Late October was the date of our visit to the new Rotorway factory in Arizona. With temperatures at 102F in the Phoenix area it was quite a shock after leaving our car at Gatwick a few hours earlier covered in frost. Our first view of Rotorway’s new facilities situated about 4 miles from the old site was one of a gleaming white modern building with acres of dark reflective glass, tall palm like trees and exotic plants.
Walking through the entrance doors the cool climate controlled air was greeted by us as a good start to a superb visit. We were later to find out that this coolness extended to the whole factory which must make for a much better comfortable and productive atmosphere for all the Rotorway employee’s. After meeting Grant Normitz the new Rotorway MD and his team plus old Rotorway friends Tom Smith, Brent Marshall and Mark Johnson it was off to see the A600, after all, that’s why we had undertaken the 13 ½ hour flight.
We were not disappointed. In its blue, black and silver livery it looked great, its higher, wider landing gear and longer skids only helping to make it look even better than in earlier photos. But looks are not everything so down to the changes.
Starting at the back the first change is a stronger tail boom and a shaft drive to the tail rotor instead of the belt system common to all previous Rotorway models. The drive starts with two short self adjusted belts running from the secondary to a right angled gear box on the front of the tail boom. A shaft then transfers the drive via bearings and flexible couplings through the tail boom to a similar rear gear box. The rivets in the tail are now Cherry rivets for added strength although we must say that we have never seen a problem with the previously used steel pop rivets. It should also be said that the drive shaft has been added as part of the certification process and to satisfy those many potential customer who refer to the original belts as ‘rubber bands’ with out having the knowledge that the Kevlar belts are extremely strong, easy to adjust and maintain and cause very little problems.
The main drive belts from the engine are now tensioned by an oil driven piston/pulley assembly which can vary the pressure on the belts to cope with varying engine loads. The chain drive has also been replaced and now uses a heavy duty cog belt which is also self adjusting by an oil driven piston and pulley system. Both of these drives were developed by Rotorway distributor Al Behuncik and should prove to be very reliable and require less maintenance.
The engine now uses a completely new next generation FADEC system which uses additional sensors and up to date electronics to help make the engine more efficient. The pilot now gets inertia seat belts, a low rotor warning system as standard and a ‘glass cockpit’ made by MGL Avionics which seems to do everything except make coffee. Add to this a new leather seat which looks cool and extremely comfortable and you have a cockpit you won’t want to leave.
So what’s it like to fly, well it flies just like a 162F. This in its self is no bad thing as the 162F is a great helicopter and is hard to beat and as the new model uses many of the 162F’s components this is no surprise. Rotorways chief pilot John O’Neil showed me an autorotation into the old airfield at Memorial and as always we just glided down with ease, thanks for that John, ( I’m sure he has done that before). But even if it flies like a 162F the A600 is still a new model in its own right and Rotorway are proud of their achievement. The Talon will offer improvements in reliability, lower maintenance costs, up to date electronics and better pilot comfort.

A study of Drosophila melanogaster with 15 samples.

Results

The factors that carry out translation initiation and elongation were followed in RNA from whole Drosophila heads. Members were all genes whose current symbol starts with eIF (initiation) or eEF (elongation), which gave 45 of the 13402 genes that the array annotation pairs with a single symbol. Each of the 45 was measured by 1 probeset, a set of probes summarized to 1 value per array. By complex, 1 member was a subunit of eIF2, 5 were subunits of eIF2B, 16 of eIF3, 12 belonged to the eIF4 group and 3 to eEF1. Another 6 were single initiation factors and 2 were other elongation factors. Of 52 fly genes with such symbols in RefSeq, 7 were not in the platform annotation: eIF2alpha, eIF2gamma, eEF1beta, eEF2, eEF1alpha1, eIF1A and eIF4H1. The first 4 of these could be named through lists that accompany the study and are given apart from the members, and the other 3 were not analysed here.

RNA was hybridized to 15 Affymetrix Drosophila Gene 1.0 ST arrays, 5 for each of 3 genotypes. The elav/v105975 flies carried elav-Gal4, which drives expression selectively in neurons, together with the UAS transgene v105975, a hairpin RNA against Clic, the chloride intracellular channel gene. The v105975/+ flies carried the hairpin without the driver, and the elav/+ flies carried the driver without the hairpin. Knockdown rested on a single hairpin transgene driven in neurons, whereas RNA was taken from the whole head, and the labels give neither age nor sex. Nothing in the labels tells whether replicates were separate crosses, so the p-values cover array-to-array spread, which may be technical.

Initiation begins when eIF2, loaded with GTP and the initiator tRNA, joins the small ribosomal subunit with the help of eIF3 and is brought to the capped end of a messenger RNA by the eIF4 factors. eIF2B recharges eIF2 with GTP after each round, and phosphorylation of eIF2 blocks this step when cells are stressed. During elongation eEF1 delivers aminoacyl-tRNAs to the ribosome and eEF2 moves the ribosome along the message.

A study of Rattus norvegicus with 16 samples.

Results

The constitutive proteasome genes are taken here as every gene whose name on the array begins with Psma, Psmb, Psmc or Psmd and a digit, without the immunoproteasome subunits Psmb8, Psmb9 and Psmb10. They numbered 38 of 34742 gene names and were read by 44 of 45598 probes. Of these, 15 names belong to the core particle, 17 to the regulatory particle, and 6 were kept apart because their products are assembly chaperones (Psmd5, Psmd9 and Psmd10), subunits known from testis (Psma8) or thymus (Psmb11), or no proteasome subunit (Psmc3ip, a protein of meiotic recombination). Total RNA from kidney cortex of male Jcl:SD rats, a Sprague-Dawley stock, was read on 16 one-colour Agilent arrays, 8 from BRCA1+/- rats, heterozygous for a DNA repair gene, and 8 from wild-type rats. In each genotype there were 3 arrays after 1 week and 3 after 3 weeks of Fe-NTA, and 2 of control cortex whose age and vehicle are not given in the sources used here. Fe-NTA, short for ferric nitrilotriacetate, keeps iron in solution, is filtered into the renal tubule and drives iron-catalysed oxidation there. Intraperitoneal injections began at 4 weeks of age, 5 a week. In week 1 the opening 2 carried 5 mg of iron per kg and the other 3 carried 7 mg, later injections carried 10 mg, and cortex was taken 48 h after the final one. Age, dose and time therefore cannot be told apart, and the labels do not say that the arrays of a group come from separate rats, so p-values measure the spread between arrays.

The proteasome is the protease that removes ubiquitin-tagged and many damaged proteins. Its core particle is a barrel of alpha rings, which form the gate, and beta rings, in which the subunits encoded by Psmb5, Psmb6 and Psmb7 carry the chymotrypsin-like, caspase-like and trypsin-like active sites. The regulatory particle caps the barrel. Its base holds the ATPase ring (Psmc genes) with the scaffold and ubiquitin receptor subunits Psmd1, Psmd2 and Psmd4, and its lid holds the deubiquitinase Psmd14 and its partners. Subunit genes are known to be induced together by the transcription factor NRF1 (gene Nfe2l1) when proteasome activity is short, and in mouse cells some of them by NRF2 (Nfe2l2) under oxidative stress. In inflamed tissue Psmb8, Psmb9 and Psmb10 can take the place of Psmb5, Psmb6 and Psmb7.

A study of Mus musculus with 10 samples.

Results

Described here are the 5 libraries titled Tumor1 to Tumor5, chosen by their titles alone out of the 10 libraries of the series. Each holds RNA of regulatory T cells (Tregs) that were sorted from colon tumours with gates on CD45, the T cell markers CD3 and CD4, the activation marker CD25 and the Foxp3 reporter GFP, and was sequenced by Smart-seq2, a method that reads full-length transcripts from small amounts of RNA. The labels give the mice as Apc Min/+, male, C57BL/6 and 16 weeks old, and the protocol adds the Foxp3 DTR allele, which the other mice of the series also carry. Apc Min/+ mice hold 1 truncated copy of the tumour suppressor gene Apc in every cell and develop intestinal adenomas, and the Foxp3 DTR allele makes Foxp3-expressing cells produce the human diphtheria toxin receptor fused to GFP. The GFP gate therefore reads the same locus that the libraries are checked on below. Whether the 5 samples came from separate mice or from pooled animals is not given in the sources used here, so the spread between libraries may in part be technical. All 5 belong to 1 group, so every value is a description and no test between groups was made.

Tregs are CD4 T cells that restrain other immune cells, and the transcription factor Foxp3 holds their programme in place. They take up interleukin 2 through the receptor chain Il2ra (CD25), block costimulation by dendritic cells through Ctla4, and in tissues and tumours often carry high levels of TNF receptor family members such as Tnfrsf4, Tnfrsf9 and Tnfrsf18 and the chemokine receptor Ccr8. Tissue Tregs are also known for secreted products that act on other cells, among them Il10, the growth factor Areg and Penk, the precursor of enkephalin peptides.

While there we took the opportunity to tour the factory and see how Rotorway buy in raw castings and machine them on site, even the engine is made here. There are many computer controlled machines drilling and milling away at all sizes of castings and raw materials to produce everything from large engine blocks down to intricate gear box parts. I wonder if they would miss just one of these machines, it would look great in my workshop back home. All spares are now housed in what I can only describe as a vertically moving lift of shelves. Pushing a button moves the next shelf up, holding the button will move the shelves continuously until it comes around again. Mounted from floor to ceiling it takes up far less floor space than normal racking. In one area was an airframe ready for welding with all the tubes and brackets held in place on a jig by clamps. Each frame takes 25 hours to weld and the workmanship is truly a work of art. You really do have to visit this factory to fully appreciate the precision and care taken by all the work force on every component. What also comes across is the friendliness of all the workers, just like a big happy family. Ask any one on the shop floor a question and they will explain how they make the part they are working on. This attitude is not only in the factory, it extends through the whole complex, from Donna who answers your calls in the front office to ever helpful Robin in the spares department. Nothing ever seems too much trouble.
It is early days for the new Rotorway management team at Rotorway but they seem to have the commitment to succeed. After talking to them all we are sure there are more improvements to come from their R&D department. Add to this the certified A600 which will be available over the next few years and the future looks good for Rotorway. As for us we can’t wait to get our first new A600 Talon kit early in the New Year.
After talking to all the great people at Rotorway we are sure there are more improvements to come from their R and D department and we look forward to getting our first A600 Talon kit here early in the new year.